Multilingual and code-switching speech recognition are important challenges due to the growing adoption of personal assistant devices and smartphones. With the rise of globalisation, there is an increasing demand for multilingual ASR, handling language and dialectal variation of spoken content. Recent studies show its efficacy over monolingual systems.
The prevalence of code-switching in spoken content has enforced automatic speech recognition (ASR) systems to handle mixed input. Yet, designing a CS-ASR has many challenges, mainly due to the data scarcity, grammatical structure complexity and mismatch along with unbalanced language usage distribution.
We propose to study the multi-lingual and code-switching phenomena in two frequently spoken language sets (English and Arabic), along with low resourced and indigenous languages.:
– Arabic and English: 1,000 hours of multi-dialectal Arabic Data (MGB-2), English (Tedlium, librispeech).
– Minority languages of English speaking countries: Gaelic (British Isles), Maori (New Zealand) and many indigenous languages of the US and Canada
– Languages of sub-Saharan Africa, eg. Zulu, Xhosa, Yoruba
The code-switching study will feature both intersentential (switching between-utterances) and intrasentential (within utterances). The evaluation of the designed system and the analysis of the phenomena will be driven based on real test cases, collected from real meetings and interviews.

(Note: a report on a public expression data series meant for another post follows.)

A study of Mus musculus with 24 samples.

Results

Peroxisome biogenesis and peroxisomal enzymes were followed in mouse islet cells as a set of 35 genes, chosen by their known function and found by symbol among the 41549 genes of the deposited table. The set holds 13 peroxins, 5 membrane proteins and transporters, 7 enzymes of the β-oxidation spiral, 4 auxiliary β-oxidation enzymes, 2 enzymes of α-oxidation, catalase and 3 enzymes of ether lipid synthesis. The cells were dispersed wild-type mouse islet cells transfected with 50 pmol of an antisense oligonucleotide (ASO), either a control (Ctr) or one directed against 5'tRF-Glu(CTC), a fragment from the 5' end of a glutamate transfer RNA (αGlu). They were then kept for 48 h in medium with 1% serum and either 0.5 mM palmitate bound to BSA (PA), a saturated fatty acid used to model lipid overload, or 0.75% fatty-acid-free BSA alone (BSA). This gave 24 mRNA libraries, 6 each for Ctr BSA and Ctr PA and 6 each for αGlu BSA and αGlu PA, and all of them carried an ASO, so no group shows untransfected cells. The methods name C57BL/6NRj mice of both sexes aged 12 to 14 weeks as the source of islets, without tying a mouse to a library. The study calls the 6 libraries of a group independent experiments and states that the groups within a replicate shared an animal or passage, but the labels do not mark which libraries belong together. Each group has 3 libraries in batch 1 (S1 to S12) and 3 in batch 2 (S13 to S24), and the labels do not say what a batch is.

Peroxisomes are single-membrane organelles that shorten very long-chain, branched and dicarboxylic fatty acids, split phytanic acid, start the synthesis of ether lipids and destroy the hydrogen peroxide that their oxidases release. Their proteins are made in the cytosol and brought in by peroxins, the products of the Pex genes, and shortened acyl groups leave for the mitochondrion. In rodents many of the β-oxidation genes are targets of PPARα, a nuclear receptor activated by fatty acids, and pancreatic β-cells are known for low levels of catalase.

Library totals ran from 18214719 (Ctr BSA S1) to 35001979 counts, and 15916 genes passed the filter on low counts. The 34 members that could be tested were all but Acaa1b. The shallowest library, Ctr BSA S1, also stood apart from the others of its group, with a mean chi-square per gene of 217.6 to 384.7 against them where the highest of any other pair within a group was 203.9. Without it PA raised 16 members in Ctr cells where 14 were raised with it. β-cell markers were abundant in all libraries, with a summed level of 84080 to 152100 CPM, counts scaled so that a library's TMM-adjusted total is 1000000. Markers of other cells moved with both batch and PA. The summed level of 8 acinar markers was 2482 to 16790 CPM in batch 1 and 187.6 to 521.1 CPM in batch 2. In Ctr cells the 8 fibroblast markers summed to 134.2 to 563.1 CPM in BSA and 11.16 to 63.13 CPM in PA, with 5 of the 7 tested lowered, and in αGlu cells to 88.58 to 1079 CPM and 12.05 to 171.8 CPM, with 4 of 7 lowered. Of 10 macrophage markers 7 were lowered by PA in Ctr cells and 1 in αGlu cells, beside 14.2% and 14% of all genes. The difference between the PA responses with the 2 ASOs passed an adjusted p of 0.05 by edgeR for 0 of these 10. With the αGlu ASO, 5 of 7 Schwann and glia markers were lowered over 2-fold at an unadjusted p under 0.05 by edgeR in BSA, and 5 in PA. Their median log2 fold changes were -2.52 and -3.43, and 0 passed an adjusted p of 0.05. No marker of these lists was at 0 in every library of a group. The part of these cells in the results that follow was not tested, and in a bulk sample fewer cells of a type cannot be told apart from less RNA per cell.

Our proposal, for the summer workshop, focuses on investigating novel techniques to build practical large vocabulary continuous speech recognition (LVCSR) systems capable of dealing with both the monolingual and code-switching spoken utterances. We aim to explore data augmentation and state of the art modelling techniques – using transfer learning and self supervised learning – to deal with the lack of balanced transcribed data, for multilingual and code-switching. Moreover, we also aim to address the challenge of evaluating code-switching ASR output.
The summer school will include four work packages running simultaneously while sharing outcomes to achieve desired goals. The work packages are:
WP1: Design a multilingual ASR with code-switching capabilities, in this WP, we will focus on pre-trained models and self-supervised models.
WP2: Handle low-resourced languages/dialects by generating synthetic code-switching data covering synthetic textual and speech data, upholding language dependent construction and triggers.
WP3: Build a robust evaluation measure considering the mixed script output system. The current systems are evaluated based on transliterated word error rate and character error rate. This method lacks generalization, especially when there is code-mix within the same word.
WP4: Understand where/why code-switching happens in speech analysis for system/human code-switching points. This will address issues such as: complex social factors, dominant language may be used for education literacy, is the code-switching a topic/domain dependent. This WP will offer more insights of the challenge rather than building a better system to improve accuracy.